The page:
REVIEW: An Illiad (Auckland Live)

Review by Irene Corbett

[I have Wept with Hecuba and Raged with Achilles]

Standing on the ramparts of Troy we look out to sea, across the furrowed stretch of land between city and sand littered with bodies – the bodies of men and boys, mostly boys that we once knew – to the angry cluster of Greek ships; above us, the gods bicker.

In this liminal space stands Michael Hurst, the weary Poet. He has one foot in the ancient world of the gods, and one foot in present day Aotearoa. He turns first towards the city of Troy and then to the Greek camp on that bitter beach. The Poet tells us early on that every time he sings the song of this terrible and miserable war that he hopes it will be the last time.

Happily for us, Hurst will sing this song several more times. I am going to say it outright -you absolutely should go see An Iliad. If you don’t know the Iliad, go to see an incredible story masterfully and poetically told. And if you are familiar with it, go to see the epic brought earth-shatteringly into contact with the present.  An Iliad not only makes Homer’s text accessible to all audiences but makes the song distressingly relevant.

The song, as told by Hurst, is buoyed along by the musical offerings of Shayne P Carter who, as the Muse, at times leads the action by releasing from his guitar throbbing and uncanny notes which probe their way into the corners of the Herald Theatre like spears of sound, piercing through flesh and armour alike. At other times, he simply underpins the action with trickling, whispery melodies. These melodies come as echoes of the many pools and fountains of the once calm sanctuary of Troy rippling across the vast expanse of time.

As a musician myself, I am often contentedly ‘distracted’ by the presence of live music in theatrical works but Carter seems so comfortable and the music so naturally responsive to the text that between this consummate ease and Hurst’s complete and magnetic embodiment of the world I find myself forgetting that the Muse is there at all until some climatic tone comes searing through a battle scene.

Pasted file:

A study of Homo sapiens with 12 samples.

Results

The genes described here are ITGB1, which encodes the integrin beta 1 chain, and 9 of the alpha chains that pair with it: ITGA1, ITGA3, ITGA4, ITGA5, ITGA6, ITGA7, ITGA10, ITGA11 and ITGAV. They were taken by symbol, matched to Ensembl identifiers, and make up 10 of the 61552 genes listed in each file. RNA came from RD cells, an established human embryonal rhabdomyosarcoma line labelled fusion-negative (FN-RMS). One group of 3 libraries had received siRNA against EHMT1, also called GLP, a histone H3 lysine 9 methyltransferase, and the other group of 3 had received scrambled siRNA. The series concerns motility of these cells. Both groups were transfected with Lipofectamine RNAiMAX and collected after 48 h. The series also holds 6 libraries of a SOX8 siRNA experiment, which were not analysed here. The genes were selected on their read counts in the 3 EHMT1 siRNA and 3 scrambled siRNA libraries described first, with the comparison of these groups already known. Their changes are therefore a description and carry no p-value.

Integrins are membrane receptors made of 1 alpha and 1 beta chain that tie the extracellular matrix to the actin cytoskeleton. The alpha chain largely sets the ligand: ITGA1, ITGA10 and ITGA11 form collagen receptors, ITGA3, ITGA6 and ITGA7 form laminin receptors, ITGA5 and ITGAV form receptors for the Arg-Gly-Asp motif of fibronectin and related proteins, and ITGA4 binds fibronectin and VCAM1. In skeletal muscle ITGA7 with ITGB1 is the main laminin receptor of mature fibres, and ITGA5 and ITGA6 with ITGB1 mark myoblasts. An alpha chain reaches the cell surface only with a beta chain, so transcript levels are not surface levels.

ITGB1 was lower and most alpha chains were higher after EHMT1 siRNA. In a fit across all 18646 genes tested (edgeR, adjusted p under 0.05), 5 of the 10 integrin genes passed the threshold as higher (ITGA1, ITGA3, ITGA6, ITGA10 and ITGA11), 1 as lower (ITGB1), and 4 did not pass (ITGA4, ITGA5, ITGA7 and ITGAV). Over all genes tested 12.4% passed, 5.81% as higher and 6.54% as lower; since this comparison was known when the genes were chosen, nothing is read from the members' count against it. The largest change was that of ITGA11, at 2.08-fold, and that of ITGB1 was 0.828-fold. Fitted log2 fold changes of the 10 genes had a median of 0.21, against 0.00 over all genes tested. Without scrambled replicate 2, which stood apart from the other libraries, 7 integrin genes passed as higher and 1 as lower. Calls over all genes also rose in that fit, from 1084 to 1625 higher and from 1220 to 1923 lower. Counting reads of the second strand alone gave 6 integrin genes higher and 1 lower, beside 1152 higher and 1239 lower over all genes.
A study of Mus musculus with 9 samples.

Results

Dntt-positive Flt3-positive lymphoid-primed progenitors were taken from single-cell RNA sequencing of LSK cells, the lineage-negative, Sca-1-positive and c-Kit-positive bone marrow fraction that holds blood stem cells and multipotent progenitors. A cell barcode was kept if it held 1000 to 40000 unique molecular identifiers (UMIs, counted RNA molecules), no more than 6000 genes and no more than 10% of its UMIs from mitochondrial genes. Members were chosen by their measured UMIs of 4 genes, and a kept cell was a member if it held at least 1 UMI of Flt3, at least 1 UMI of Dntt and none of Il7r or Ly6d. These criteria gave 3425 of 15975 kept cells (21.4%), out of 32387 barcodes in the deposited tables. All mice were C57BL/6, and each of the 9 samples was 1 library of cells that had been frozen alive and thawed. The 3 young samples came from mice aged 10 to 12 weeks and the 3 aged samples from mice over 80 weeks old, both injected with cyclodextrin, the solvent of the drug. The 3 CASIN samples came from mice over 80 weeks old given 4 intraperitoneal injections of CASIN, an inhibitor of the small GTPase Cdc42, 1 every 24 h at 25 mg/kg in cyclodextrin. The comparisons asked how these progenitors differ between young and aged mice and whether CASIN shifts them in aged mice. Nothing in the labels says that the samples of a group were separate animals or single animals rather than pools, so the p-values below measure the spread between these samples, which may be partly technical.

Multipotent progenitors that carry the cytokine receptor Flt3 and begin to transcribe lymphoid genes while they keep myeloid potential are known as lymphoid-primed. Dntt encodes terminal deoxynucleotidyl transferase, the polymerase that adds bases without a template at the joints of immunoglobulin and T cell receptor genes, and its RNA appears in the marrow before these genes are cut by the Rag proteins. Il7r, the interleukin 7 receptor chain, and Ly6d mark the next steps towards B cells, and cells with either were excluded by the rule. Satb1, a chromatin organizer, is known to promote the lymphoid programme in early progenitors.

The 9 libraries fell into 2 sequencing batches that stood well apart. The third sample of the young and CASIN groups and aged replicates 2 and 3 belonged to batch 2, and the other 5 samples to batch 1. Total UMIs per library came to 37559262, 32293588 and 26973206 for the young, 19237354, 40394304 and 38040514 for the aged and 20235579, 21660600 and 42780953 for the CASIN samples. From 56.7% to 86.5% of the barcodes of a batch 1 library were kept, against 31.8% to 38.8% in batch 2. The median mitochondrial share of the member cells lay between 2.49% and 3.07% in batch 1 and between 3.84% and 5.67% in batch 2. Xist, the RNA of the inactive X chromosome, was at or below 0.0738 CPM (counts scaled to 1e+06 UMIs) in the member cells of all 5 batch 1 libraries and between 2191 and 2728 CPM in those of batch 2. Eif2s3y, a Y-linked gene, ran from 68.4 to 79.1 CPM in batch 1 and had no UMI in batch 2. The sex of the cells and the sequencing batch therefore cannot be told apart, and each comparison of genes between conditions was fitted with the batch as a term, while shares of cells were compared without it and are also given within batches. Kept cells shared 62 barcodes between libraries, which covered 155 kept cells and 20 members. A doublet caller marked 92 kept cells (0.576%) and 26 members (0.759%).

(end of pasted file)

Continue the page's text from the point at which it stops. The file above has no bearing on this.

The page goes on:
Bright as a flame and taut as a bowstring, Hurst flickers between many characters, male and female alike. I would say it is effortless but the show runs at 110 minutes and swiftly the toll of Hurst’s highly physical performance shows in a film of sweat. His dark sweater vest and slacks  steadily become darker and darker with perspiration. I admire this tenacious costume decision as much as I admire the utter control Hurst has over every fibre of his being.

I am loath to ‘spoil’ the show in any way – both for those who are intimately acquainted with Homer and for whom it is all new – as this Iliad is so fresh and vital. I must however make particular mention of Hurst’s phenomenally beautiful delivery of the occasional line in Greek.  A particularly profound moment is when he becomes queen Hecuba gazing down at her dead and dishonoured son, Hector. A wordless cry of utter anguish travels from the depths of Hurst’s body and tumbles out reformed into Greek – a mother’s broken heart spoken in the most ancient of tongues, needing no translation.

The poet begins the show with several invocations to the muses, and we come to understand that a Greek relationship between poet and muse is one of dependence: the poet needing the muse to speak to him and through him in order to access these memories, to recount these events. Watching Hurst and Carter in An Iliad is to feel not only the presence of the muses but to witness the gods; to hear the voices of the long dead, to see a world entirely lost to us, and yet to completely understand that this story is a story we are repeating today and have repeated over and over again. To watch An Iliad is to glance into the mirror and see that the face of humanity has not changed.

An Illiad plays at the Herald Theatre until 9th June.

Starring Michael Hurst as the Poet and Shayne P Carter as the Muse.
Directed by Jonathon Hendry, and presented by Auckland Live and Artsense Productions.
Created by Lisa Peterson and Denis O’Hare.
Based on Homer’s Iliad, translated by Robert Fagles.